The events of the last few years of my life have been challenging, to say the least. Within a matter of 4 weeks, both my grandmother and my mother passed away. I have experienced grief like never before. An amazing support group has surrounded me during this difficult time.
People have often tried to comfort me with their words. They mean well, I’m sure. However, there are a few things that you should never say when someone is grieving a loss.
- “There’s a new angel in heaven now.” Not one time in scripture is there evidence of people becoming angels. There are a few examples of angels having human-like qualities, but when people die, they do not become angels.
- “I know exactly how you feel.” Impossible. You may have experienced similar losses – even worse losses, but you can never know exactly how someone feels. Since you cannot possibly know exactly how someone feels, please don’t ever say that.
- “Time heals all wounds.” While this one actually has some truth within the cliché, I still would not say this to anyone who is going through a difficult time. When grieving, each day passes so slowly. The idea that time heals really offers very little comfort.
- And here is the doozie: ”God will never give you more than you can handle.” I’d better step up on my soapbox and start a new paragraph for this one.
Did you know the Bible never says that God will not give you more than you can handle? In fact, the Bible repeatedly says exactly the opposite. We can assume that this cliché is a misrepresentation of 1 Corinthians 10:13: “No temptation has overtaken you that is not common to man. God is faithful, and he will not let you be tempted beyond your ability, but with the temptation he will also provide the way of escape, that you may be able to endure it.”
“He will not let you be tempted beyond your ability” is not the same as “He will not give you more than you can handle.”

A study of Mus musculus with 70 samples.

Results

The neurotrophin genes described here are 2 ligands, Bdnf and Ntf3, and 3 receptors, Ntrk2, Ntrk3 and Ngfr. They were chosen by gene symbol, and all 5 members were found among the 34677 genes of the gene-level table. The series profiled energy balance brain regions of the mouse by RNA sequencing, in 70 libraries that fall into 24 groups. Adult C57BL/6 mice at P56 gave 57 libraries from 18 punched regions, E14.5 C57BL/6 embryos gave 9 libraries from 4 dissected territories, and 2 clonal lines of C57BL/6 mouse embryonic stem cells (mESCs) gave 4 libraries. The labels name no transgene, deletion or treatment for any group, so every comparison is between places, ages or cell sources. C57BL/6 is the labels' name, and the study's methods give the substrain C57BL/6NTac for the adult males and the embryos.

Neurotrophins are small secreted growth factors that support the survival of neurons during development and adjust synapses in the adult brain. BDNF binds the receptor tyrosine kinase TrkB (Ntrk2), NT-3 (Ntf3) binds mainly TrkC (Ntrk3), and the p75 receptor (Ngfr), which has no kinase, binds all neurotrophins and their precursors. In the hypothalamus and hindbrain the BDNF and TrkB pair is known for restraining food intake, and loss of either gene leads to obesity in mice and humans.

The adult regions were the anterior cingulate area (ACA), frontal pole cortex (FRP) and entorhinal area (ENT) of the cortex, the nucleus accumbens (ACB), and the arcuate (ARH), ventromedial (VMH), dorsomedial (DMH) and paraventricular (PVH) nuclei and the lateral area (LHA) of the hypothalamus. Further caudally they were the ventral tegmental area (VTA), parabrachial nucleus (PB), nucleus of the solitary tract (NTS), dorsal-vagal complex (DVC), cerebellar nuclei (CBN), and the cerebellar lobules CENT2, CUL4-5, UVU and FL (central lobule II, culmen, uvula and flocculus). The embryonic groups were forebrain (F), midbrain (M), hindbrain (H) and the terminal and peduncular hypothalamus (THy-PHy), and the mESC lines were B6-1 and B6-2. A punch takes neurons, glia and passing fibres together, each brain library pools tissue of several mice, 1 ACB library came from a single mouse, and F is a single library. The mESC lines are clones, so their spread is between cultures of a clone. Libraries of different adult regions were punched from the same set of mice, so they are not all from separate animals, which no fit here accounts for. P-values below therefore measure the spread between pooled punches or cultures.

Woven throughout scripture is the idea that God receives more glory when we are pushed beyond our limits of what we think we can “handle.” His power is made perfect in weakness (2 Corinthians 12:9). God wants to use weak and willing vessels to portray His might.
A stuttering man frees the slaves in Egypt. (Moses)
A man who has never seen rain builds an ark and sustains the human race. (Noah)
A shepherd boy slays a giant. (David)
A prostitute has a hand in conquering the Promised Land. (Rahab)
A carpenter’s son, born in a barn, is the Savior of the world. (Jesus)
An accomplice to murder transforms into the greatest missionary. (Paul)
When God gives us more than we can handle, people look past us and see the God who is sustaining us. This is one of the most effective tactics that God uses to draw people to Himself.
Please don’t say these things to grieving loved ones about their loss. Typically people who offer these grief clichés are intending to demonstrate comfort and support. Erin Linn, who has written children’s books about grief, says, “Clichés are a manifestation of our innate inability to deal with a grieving person.”
So this soapbox begs the question, “What can we say to someone who is struggling with what God has allowed to happen?”
Here are a few suggestions:
- “I am so sorry.”
- “Is there anything that I can do?”
- “I am praying for you and your family during this difficult time.”
- “I cannot imagine exactly how you are feeling, but if you would like to talk about it, then I am here.”
Sometimes it is better to not say anything at all. This is the ministry of presence – just sitting with someone in his or her greatest time of need. If we must talk, then let’s attempt to offer helpful, theologically sound comfort as we speak. God has orchestrated his perfect plan, which includes the Christian community surrounding each other in times of need.
Let’s make the most of the opportunities that God gives us to comfort others.